A number of Irish people have been selected as role models for a European campaign that aims to help fight the stigma and change people’s attitudes about obesity.
The European Coalition for People living with Obesity (ECPO), has created a new European image bank containing professional photographs that can be used by media outlets in place of stigmatizing images that can often be featured instead.
Members of the Irish Coalition for People Living with Obesity (ICPO) have been chosen to feature in the campaign and their images available from the image bank.
“Unfortunately, many images that appear in newspapers perpetuate stereotyped portrayals of people living with obesity and reinforce the social acceptability of weight bias,” said Susie Birney, Executive Director of ICPO.
“They fuel the belief that people with obesity have a lifestyle disorder and are lazy, non-compliant, gluttonous, or have no willpower, despite obesity being recognised as a disease by the World Health Organisation.”
ICPO Members Ben Whelan, Yvonne Byrne and Deirdre Murphy are among 16 of the new image bank models involved.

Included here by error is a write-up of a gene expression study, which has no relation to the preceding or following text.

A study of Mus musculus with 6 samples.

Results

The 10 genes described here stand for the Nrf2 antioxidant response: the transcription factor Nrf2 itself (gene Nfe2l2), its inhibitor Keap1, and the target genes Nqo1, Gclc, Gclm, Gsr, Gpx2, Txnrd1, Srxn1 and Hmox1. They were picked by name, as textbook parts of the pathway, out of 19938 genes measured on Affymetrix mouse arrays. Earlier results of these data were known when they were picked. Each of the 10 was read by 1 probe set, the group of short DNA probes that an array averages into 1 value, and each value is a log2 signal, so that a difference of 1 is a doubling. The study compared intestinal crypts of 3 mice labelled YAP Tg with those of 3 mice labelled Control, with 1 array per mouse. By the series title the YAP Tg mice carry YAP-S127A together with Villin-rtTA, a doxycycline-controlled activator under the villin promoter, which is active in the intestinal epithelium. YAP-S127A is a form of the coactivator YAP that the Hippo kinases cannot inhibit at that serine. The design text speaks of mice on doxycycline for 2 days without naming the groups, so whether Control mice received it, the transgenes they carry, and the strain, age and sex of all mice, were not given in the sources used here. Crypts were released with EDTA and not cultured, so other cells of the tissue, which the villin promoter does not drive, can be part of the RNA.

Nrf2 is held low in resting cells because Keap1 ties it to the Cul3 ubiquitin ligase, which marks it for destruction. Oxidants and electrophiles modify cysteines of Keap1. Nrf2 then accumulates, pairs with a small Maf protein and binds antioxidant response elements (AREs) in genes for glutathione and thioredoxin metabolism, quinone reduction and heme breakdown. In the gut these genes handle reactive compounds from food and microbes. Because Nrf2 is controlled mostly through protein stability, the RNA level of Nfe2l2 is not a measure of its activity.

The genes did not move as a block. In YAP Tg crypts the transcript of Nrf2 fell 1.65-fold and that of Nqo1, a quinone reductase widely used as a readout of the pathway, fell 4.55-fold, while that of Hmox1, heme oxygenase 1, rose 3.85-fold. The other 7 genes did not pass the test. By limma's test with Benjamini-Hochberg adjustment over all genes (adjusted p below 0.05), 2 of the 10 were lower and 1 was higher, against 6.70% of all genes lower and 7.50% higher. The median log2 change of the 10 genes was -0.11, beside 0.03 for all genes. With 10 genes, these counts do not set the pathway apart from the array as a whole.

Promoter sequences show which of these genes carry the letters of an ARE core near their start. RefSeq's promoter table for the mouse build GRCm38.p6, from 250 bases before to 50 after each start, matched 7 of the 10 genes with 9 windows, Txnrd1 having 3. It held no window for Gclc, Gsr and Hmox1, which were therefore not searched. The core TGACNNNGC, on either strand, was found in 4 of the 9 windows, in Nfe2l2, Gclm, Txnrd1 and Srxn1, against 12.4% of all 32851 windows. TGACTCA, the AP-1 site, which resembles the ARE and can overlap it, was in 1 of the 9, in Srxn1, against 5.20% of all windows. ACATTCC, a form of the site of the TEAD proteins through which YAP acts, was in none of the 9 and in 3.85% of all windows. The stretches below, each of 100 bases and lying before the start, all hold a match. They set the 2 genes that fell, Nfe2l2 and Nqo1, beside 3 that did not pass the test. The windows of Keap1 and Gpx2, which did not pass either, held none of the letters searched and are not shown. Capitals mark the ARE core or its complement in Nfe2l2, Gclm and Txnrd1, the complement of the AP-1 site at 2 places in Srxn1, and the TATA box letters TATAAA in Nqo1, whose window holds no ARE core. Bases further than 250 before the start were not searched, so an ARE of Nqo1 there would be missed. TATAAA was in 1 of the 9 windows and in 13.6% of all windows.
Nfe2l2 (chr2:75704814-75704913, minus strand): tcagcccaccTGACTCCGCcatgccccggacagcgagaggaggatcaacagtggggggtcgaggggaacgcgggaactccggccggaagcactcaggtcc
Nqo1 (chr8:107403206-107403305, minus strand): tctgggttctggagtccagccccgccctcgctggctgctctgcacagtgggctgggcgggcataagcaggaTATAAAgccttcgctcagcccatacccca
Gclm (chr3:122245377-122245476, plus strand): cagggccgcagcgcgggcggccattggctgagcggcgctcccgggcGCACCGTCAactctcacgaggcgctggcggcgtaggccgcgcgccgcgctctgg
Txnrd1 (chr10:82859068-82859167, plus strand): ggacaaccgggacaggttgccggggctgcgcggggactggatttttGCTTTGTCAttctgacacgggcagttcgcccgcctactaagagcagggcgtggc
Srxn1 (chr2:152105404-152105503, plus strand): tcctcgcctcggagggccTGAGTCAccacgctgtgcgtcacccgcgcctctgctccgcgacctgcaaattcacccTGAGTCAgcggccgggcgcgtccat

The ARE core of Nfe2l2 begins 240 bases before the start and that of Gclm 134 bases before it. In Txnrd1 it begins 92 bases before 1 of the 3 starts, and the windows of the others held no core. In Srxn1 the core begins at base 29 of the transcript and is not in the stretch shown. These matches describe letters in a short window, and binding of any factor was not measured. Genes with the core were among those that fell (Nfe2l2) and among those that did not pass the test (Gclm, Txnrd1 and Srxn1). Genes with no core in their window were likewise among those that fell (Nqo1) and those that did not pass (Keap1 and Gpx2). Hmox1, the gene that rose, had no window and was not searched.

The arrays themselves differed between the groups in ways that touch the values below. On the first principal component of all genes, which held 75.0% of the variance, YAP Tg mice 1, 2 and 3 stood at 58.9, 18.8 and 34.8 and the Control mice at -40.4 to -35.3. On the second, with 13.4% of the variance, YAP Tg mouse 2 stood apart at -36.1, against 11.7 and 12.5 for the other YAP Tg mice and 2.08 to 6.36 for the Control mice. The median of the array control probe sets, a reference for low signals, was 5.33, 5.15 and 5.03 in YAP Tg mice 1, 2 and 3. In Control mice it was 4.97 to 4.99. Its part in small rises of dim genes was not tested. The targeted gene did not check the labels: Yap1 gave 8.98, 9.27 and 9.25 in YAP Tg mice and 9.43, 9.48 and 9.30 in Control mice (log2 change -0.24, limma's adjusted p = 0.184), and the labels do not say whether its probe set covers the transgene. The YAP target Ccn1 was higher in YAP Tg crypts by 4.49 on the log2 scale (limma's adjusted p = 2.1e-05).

Have you heard there is a campaign today??😀— ICPO (@ICPObesity) October 21, 2021
You can find all the images, free to use at https://t.co/MuYiEAJI3z
You can search for clinical setting, family, activity etc. Or search by country where you will find ours!
Please share widely and help raise awareness#ECPOmedia2021 pic.twitter.com/6ZawoM1nhr
Ben has had bariatric surgery and has had back problems from a young age while stigma meant that Yvonne struggled to go in front of the camera.
Deirdre and her husband both had bariatric surgery which they believe saved their lives.
The Irish photos have been chosen from over 1,000 images received from across 10 European countries.
“As with other forms of stigmatisation – on the grounds of race, class, ability, gender, or sexual orientation – obesity stigma can have devastating social and health impacts,” according to Dr Jean O’Connell, Chair of the Association for the Study of Obesity in Ireland.
“Weight bias and stigma have significant physiological and psychological consequences, leading to low self-esteem, depression and anxiety, increased risk of eating disorders, as well as poor metabolic health and further weight gain.”
Dr O’Connell added that weight stigma is particularly prevalent in healthcare settings, which can impact those accessing care for obesity and other health conditions.
The ECPO campaign has the support of the World Health Organization (WHO).